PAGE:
Equality for all: we’ll overcome the language of hate | Rosianne Cutajar

It is high time that we move towards a nationwide debate on the nature of our public sphere itself — on how we speak to each other across different persuasions, on the character of our public discourse

Rosianne Cutajar is parliamentary secretary for equality

At the Stop Hate Malta conference last week, I pledged my commitment to ensure that Malta stays at the forefront of inclusion and diversity in Europe.

As the person responsible for achieving the best of standards for equality in this country, the matter of hate speech is high on my agenda.

Hate speech is a direct obstacle to achieving our goals towards an equal society.

An equal society means that each one of us can set their goals in life and contribute to our nation’s progress and our social wellbeing without fear of being humiliated, vilified, intimidated or in any way harassed.

Hate speech erodes the personal and public sense of freedom and fullness of life that is a right to each and every one of us.

Over the past years, we have introduced a raft of legislation in order to protect the rights of all stakeholders in our society to express themselves freely and without inhibition. And we will of course continue to strengthen our efforts in this direction.

The right to free speech, however, is patently distinct from the licence to say whatever one feels like in relation to other members of one’s own society. Marking out individuals or even sectors of our society as being somewhat deserving of derision, ridicule or abusive language is simply unacceptable.

In my day-to-day life I speak to many individuals, women, vulnerable persons, members of communities who have endured the brunt of public vilification: some handle it on the strength of their personal stamina. Others seek help and solace in their family and their loved ones.

Others simply collapse, as the cruelty of words uttered publicly about them or their loved ones burns through their bodies and their souls.

As I write this, I am fully aware that we live in a moment in which social media platforms are being blatantly abused in order to intimidate, foment hate, and seek to ridicule people as per what suits the perpetrators’ agenda. It is no longer enough for us to counter this by singing the merits of social media.

We need to open up the conversation.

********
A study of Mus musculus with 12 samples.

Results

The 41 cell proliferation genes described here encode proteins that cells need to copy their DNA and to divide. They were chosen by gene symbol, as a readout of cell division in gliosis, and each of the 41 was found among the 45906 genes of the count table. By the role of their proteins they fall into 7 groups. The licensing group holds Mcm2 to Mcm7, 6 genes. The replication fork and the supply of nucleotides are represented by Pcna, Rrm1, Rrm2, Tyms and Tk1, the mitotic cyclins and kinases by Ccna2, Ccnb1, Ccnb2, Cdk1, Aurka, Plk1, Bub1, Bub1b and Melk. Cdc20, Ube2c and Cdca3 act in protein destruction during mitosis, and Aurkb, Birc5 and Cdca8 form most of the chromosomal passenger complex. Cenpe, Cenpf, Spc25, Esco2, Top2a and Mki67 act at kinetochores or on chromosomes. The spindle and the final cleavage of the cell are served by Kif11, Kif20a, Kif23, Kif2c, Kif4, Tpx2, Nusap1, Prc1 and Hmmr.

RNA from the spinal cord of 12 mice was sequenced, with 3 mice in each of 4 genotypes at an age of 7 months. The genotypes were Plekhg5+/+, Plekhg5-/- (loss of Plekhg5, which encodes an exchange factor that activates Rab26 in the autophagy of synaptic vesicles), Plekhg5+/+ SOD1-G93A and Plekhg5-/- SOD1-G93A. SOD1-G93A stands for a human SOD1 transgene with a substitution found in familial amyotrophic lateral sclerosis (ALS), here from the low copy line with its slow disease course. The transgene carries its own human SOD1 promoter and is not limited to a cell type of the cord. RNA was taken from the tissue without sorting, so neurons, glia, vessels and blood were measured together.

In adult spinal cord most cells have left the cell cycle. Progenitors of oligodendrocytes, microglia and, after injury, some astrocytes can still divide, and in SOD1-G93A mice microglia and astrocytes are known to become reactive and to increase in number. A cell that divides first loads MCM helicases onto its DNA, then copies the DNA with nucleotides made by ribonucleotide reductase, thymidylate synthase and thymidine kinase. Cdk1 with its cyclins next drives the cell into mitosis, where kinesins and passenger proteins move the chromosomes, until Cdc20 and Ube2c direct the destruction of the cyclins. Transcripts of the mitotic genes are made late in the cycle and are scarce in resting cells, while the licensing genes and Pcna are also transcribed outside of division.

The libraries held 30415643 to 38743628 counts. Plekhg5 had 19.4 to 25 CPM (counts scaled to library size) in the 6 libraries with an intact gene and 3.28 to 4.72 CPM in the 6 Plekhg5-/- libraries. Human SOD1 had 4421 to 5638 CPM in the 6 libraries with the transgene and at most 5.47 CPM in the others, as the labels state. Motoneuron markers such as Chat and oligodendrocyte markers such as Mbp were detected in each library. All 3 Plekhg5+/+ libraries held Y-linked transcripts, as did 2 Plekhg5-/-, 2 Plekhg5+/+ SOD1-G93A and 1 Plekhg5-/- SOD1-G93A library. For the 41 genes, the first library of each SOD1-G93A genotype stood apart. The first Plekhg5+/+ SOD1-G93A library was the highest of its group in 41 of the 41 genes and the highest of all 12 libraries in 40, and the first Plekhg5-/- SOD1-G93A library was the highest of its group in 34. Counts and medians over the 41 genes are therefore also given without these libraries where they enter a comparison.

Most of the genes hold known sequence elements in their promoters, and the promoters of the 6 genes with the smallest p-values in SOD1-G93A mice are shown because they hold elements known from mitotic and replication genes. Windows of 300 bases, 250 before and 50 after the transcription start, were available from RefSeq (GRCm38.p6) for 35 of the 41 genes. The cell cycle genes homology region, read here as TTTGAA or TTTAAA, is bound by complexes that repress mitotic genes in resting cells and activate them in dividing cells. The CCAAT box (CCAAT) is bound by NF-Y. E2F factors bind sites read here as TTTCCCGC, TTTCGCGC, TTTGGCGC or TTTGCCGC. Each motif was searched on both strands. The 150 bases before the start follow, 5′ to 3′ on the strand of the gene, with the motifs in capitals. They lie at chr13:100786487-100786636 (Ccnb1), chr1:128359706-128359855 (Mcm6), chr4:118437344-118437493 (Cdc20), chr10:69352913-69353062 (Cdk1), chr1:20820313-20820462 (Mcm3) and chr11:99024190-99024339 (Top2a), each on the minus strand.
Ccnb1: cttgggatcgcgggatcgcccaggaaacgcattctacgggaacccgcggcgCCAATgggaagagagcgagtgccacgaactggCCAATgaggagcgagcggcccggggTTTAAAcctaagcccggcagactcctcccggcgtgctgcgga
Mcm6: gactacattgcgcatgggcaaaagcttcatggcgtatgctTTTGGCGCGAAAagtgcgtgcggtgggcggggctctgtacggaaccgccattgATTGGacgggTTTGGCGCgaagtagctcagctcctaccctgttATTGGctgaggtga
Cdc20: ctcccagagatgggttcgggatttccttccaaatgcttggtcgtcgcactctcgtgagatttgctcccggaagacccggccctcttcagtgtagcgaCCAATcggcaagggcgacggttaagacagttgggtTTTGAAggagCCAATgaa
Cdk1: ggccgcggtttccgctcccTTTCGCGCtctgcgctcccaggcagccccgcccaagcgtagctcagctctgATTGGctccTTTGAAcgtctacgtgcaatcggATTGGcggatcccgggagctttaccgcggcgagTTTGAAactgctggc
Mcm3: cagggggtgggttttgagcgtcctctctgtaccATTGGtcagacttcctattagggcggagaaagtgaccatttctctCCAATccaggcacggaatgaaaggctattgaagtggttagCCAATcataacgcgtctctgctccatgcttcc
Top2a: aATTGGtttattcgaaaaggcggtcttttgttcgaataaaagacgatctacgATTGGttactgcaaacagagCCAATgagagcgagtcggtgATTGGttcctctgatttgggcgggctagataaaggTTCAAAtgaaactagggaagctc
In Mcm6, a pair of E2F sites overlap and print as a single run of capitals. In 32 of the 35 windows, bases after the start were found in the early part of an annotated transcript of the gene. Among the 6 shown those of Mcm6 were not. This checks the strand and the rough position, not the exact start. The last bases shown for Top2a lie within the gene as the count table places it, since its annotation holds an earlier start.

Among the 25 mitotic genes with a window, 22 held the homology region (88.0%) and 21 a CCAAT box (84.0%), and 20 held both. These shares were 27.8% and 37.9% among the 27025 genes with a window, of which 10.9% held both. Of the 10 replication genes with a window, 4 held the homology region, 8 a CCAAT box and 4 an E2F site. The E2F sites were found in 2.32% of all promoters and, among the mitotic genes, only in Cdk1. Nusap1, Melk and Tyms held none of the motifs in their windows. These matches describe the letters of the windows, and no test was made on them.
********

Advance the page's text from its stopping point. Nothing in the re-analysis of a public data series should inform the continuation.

How do we harness social media as a means of ensuring more equality and protecting each other from the language of hate while ensuring our universal right to speak freely?

It is, perhaps, high time that we move towards a nationwide debate on the nature of our public sphere itself — on how we speak to each other across different persuasions, on the character of our public discourse.

We need to ensure that the space of public debate is left to those succeeding us, our present-day children, teenagers, university students, early-career professionals, as a legacy to be cherished.

We need to move towards a public sphere that ensures that opposing political views pool in towards the strongest policy outcomes for our country.

And we need to take further policy actions and reforms in this direction.

Last week, our courts of law handed down two sentences on two libel proceedings I had instituted. The Court awarded me libel damages, and confirmed that calling a woman “a prostitute” on the mere basis of her gender is unacceptable and unjustifiable.

There is, perhaps, not much cause for celebration in having to seek legal redress for acts that were uncalled for in the first place.  But yes, this is an important victory. It is a victory for every woman in this country who has been vilified on the basis of her sex. It is a victory to all those who, for myriad reasons, have had to endure and to live with acts of verbal hatred.

As I write, Godfrey Leone Ganado and Rachel Williams are running a crowdfunding effort to have their legal expenses and the moral damages they incurred financed by donors from the public. This instead of shouldering proper responsibility for their behaviour. Such soliciting of funds to cover expenses ordered by the court in view of their actions flies right in the face of the court decision itself, and of its spirit.

And it raises important ethical questions.

The message being sent out to our citizens is that it is okay to “defend activists” by covering for them the expenses incurred in a court of law as damages for the perpetration of verbal abuse.

I have full faith that our competent authorities and our courts of law will keep strengthening their commitment to ensuring that hate speech will no longer thrive in this country.

I was, throughout what has been for me a particularly meaningful week, reminded of Archbishop Desmond Tutu’s words a decade ago, as he advocated for the rights of women, of different ethnicities, of different gender and sexual orientations, and of those most vulnerable amongst us: “Hate has no place in the house of God.”

We all know, of course, that regardless of our individual faith, Tutu’s wisdom appeals directly to the common human heart that binds us.